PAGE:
Handle With Care: The Momentum Factor Explained

History suggests momentum investing has wheels, but critics caution investors about their own biases, misplaced timings, and herd behaviour.

Johanna Englundh 30 June, 2022 | 8:01AM

You might have come across the momentum factor or "momentum investing". Put simply, it describes the notion that stocks that have performed well relative to their peers tend to continue to outperform, while those that perform relatively poorly tend to continue to underperform.

There is plenty of history showing this. In a 2014 article by hedge fund manager Clifford Asness and his colleagues at AQR Capital Management, the authors established that the momentum return premium is evident in 212 years of US equity data.

“Some of this evidence predates academic research in financial economics, suggesting that the momentum premium has been part of markets since their very existence, well before researchers studied them as science”, the AQR-team wrote.

Seems bullet proof, right? Not really. Like everything in investing, there is only one surety: you can’t precisely predict returns. Momentum strategies have been plagued by crashes and have several critics. The key lesson for investors is they should handle the power of momentum with care.

Why Do Momentum Stocks Outperform?

Morningstar strategist Amy C. Arnott says momentum has been one of the best-performing market factors over the past decade, delivering a return advantage in seven of the past 10 calendar years.

“Momentum stocks dropped slightly less than the overall market in the coronavirus-driven downturn in early 2020, followed by a strong rebound as the market recovered. Momentum generated an even more robust return premium in 2021’s bullish market,” she says.

As with the other factors, there's an ongoing debate about why the momentum premium persists, and there is no obvious answer. One theory is the strength of the momentum factor probably partly reflects herding behaviour: investors tend to pile into stocks that have posted high returns in the recent past.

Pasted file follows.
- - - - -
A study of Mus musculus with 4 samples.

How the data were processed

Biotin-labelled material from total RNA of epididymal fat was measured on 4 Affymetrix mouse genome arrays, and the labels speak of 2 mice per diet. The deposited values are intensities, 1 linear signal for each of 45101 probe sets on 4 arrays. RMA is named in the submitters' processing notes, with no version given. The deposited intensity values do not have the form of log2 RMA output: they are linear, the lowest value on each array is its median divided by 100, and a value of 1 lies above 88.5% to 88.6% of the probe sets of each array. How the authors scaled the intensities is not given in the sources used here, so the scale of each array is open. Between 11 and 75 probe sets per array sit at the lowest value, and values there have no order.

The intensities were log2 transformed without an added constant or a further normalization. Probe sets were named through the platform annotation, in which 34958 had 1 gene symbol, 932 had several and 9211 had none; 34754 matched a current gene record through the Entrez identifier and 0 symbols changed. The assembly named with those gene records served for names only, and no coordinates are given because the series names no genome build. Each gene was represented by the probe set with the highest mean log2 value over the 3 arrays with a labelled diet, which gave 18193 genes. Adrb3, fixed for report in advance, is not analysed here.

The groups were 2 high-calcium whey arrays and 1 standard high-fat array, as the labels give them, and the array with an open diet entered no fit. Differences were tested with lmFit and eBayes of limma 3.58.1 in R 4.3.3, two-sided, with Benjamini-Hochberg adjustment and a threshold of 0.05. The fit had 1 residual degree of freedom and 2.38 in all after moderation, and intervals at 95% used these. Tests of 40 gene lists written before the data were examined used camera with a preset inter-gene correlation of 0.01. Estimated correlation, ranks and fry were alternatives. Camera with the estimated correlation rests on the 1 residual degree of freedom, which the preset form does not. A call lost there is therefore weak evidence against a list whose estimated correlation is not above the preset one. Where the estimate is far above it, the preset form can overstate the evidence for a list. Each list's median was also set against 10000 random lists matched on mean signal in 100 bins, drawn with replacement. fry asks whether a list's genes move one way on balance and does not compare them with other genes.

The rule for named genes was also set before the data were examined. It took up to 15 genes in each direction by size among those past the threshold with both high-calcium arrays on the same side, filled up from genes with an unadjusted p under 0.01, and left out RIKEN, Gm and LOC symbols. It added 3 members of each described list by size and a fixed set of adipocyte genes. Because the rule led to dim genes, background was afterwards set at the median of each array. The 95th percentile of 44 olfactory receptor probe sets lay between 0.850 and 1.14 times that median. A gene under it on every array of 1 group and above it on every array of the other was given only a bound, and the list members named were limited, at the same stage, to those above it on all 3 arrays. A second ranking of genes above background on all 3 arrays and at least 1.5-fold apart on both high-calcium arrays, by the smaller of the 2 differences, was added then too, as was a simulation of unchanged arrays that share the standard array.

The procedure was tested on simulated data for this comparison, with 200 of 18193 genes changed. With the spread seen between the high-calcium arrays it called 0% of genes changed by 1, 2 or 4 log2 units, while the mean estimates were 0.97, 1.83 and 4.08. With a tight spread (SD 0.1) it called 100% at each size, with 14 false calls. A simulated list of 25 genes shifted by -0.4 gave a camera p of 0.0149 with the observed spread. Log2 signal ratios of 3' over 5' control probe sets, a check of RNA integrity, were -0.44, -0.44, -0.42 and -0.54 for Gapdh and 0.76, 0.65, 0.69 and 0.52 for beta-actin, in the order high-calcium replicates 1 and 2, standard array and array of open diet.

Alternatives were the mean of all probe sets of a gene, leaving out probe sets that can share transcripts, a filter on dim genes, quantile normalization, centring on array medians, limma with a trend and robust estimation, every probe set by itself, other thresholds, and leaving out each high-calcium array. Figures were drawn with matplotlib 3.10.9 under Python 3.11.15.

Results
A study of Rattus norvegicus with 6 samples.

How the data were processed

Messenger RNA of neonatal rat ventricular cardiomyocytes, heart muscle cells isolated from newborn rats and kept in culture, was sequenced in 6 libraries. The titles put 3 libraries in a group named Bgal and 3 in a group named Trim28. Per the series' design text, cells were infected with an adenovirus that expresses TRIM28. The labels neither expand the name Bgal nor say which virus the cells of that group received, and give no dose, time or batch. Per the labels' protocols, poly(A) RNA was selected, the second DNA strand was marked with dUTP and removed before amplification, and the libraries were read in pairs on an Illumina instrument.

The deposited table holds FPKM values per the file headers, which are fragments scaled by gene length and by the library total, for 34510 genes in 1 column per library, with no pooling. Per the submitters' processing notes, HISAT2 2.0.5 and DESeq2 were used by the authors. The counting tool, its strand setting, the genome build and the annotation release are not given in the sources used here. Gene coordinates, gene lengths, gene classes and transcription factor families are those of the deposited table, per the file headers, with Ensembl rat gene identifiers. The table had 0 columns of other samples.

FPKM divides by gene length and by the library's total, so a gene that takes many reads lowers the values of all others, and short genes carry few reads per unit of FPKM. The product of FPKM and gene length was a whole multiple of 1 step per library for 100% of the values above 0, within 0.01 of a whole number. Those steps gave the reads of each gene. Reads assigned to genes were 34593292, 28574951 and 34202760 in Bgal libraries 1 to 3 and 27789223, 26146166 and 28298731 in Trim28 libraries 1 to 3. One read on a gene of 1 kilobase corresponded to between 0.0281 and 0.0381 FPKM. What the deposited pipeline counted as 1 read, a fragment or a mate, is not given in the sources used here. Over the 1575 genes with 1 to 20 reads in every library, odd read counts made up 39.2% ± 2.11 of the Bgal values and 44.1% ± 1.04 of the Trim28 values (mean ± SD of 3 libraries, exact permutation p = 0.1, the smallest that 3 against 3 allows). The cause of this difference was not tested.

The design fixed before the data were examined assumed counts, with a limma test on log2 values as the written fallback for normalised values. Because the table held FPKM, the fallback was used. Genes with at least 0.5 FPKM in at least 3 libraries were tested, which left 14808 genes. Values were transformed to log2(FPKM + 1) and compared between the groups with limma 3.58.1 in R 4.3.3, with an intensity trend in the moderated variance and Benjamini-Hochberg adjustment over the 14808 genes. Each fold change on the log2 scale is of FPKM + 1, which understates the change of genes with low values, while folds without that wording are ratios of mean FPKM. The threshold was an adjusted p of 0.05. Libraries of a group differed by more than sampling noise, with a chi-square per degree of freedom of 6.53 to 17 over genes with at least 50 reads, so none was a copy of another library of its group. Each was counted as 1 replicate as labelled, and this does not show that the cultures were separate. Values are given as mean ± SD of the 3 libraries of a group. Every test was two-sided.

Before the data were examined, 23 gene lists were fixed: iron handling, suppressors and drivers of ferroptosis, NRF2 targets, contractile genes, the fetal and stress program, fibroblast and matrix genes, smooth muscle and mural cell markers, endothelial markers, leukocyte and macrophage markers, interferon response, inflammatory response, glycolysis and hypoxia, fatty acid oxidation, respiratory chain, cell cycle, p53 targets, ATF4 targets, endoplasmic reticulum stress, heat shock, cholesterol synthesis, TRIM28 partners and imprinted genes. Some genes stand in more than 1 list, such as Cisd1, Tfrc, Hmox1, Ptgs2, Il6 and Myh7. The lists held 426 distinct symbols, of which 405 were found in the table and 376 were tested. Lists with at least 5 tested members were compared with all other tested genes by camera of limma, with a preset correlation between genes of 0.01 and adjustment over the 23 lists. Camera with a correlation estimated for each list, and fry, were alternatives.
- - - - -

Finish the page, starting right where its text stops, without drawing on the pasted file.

It could also be down to the fact that investors either overreact or underreact to news such as a company's earnings announcements, or simply the reluctance to sell stocks at a loss.

Nothing Lasts Forever

Some say the momentum factor is one of the most challenging for investors to capture. This is due to its transitory nature. Any strategy that targets momentum stocks will therefor most likely see a high turnover. Frequently selling and buying stocks increases transaction costs and taxes, both of which can take a significant bite out of returns.

Another important factor is the human mind. Even though all investing requires discipline, some believe a momentum factor investor needs to be even more disciplined. Most people tend to hang on to losing stocks while selling their winners, a tendency behavioural economists call the disposition effect. But to be a momentum investor you need to do the complete opposite and on a regular basis sell your losers and hold on to high-momentum winners.

"Nothing lasts forever. Momentum is a powerful force, but so is reversion to the mean. That means investors who want to bet on momentum should do so carefully and remember that it’s not a guaranteed route to success," Arnott declares.


Johanna Englundh  is an editor for Morningstar in Sweden.